Hurricane Irma bound for Gulf and East Coast
On the coat-tails of Hurricane Harvey rides Hurricane Irma, already the strongest hurricane ever recorded outside the Caribbean and the Gulf of Mexico, nearing historical precedent and a theoretical limit for how strong it can get.
Irma is a category 5 hurricane with maximum winds reaching approximately 185 mph, surpassing the 157 mph requirement categorizing a standard cat 5 hurricane. Formed in the far eastern Atlantic Ocean near the Cape Verde Islands, these Cape Verde Hurricanes are known to have a tendency of becoming some of the largest and most intense hurricanes, such as hurricanes Hugo (1989, cat 5, highest winds of 160 mph, 107 direct deaths), Floyd (1999, cat 4, highest winds of 155 mph, 57 direct and 20-30 indirect deaths), and Ivan (2004, cat 4, highest winds of 165 mph, 92 direct and 32 indirect deaths).
Irma is already slated as the strongest hurricane since Hurricane Dean (2007, cat 5, highest winds of 175 mph, 40 direct and 5 indirect deaths), according to usatoday.com, who also states that conditions and effects of the hurricane will, “isolate residential areas” making the area “uninhabitable for weeks or months”, according to the hurricane center.
According to cnn.com, the storm’s forecast track currently has it near or over Antigua and Barbuda by late Tuesday or early Wednesday, and the Virgin Islands and Puerto Rico on Wednesday afternoon while usatoday remarks that, depending upon where she hits, Irma is expected along the Gulf or eastern coast, impacting Florida, Georgia or the Carolinas or even the eastern Gulf of Mexico.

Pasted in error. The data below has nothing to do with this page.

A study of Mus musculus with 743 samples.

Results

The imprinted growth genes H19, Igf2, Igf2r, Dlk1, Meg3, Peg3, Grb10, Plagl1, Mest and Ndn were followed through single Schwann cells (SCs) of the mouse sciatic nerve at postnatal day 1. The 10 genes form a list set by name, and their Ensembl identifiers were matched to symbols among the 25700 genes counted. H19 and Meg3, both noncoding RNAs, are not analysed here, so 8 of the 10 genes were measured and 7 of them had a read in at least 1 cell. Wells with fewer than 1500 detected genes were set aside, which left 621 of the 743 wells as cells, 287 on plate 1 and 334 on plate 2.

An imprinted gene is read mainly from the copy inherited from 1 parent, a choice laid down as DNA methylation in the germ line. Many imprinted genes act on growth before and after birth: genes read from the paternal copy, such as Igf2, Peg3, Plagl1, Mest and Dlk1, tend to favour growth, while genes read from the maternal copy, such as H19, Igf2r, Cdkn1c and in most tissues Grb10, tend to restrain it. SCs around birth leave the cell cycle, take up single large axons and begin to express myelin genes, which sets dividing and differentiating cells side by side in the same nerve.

Having already impacted Barbuda, tearing roofs off of the local police station, it’s moved on to the islands of Anguilla, St Barthelemy and St Martin, causing blackouts, flooding, devastation to structures and emergency vehicles are left out of service. A French government official remarked that this hurricane has the 4 most solid buildings there in St Martin, according to the NYTimes. In Puerto Rico, residents are being asked to be mindful of the risks and to watch for rising water levels as Irma passes just north of them. Sadly, this comes at a time where the nation is in economic crisis and they lack the budget to rebuild what could be destroyed.
The potentially affected areas, whichever way the hurricane heads, will face great and devastating damage to their communities; residents of these communities realize they cannot afford to not be prepared.